WASHINGTON - The American Century is dead. Long live the next American Century.
The subtext of political debate these days is that the United States is in decline - a proposition often portrayed as self-evident.
The economy lacks dynamism; unemployment near 8 percent remains at recession levels. The president and his Republican critics barely talk to each other. Stalemate seems unending.
But what if America isn't in decline?
A powerful rebuttal comes from an unlikely place: Wall Street.
In a report to clients, analysts at Goldman Sachs argue that the United States still has the world's strongest economy - and will for years. There is a growing "awareness of the key economic, institutional, human capital and geopolitical advantages the U.S. enjoys over other economies," contend Goldman's analysts.
As proof, they deploy voluminous facts.
- For starters, the U.S. economy is still the world's largest by a long shot. Gross domestic product (GDP) is almost $16 trillion, "nearly double the second largest (China), 2.5 times the third largest (Japan)."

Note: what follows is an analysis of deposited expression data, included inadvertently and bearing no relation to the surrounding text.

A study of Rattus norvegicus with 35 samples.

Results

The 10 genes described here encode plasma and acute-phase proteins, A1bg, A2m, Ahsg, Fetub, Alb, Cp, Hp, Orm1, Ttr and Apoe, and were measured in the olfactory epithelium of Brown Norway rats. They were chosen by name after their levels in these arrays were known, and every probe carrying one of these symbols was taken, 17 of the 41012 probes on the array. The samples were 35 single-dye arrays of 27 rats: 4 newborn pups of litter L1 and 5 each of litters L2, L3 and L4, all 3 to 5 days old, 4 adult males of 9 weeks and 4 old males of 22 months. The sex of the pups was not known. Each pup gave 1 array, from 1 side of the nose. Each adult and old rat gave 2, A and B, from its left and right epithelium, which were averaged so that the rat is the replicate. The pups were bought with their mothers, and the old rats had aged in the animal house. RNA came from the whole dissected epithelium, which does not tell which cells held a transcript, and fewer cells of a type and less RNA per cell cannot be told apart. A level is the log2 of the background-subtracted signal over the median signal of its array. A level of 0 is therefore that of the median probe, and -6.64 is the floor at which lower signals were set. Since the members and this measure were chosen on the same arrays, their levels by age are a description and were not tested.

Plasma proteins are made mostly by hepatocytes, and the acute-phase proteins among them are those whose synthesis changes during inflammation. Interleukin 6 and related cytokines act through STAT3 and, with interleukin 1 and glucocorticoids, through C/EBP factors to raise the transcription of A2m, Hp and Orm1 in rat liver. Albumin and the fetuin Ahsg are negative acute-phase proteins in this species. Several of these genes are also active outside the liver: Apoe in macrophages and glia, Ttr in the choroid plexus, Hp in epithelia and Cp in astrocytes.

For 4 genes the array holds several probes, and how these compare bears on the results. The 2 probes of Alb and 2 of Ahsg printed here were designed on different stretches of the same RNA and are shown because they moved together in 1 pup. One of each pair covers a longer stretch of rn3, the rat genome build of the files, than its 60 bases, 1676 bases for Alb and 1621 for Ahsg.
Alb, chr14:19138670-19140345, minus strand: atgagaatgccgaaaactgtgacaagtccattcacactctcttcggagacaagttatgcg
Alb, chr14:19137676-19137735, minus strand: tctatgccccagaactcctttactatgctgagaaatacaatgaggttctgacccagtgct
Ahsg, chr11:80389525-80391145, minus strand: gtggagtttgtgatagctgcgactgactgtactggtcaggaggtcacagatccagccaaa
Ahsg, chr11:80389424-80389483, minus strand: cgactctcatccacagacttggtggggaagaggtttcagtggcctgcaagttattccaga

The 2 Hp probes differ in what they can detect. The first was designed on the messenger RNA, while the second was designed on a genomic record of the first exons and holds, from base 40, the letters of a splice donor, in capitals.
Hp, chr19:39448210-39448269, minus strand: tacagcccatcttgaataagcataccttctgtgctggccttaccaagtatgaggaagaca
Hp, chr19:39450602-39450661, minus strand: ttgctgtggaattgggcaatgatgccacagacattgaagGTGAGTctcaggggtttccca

- Per capita GDP is about $50,000. Although 10 other countries are higher, most are small - say, Luxembourg. The size of the U.S. market makes it an attractive investment location.
- Next, natural resources. In a world ravenous for food and energy, the United States has plenty of both.
Its arable land is five times China's and nearly twice Brazil's.
The advances in fracking and horizontal drilling have opened vast natural gas and oil reserves that, until recently, seemed too expensive to develop. The International Energy Agency predicts that the United States will become the world's largest oil producer - albeit temporarily - by 2020.
In turn, the oil and gas boom bolsters employment.
A study by IHS, a consulting firm, estimates that it has already created 1.7 million direct and indirect jobs.
By 2020, there should be 1.3 million more, reckons IHS. Secure and inexpensive natural gas also encourages an expansion of U.S. manufacturing, Goldman argues. That's another plus.
Poorly skilled workers are often counted as a U.S. economic liability. Goldman's perspective is different.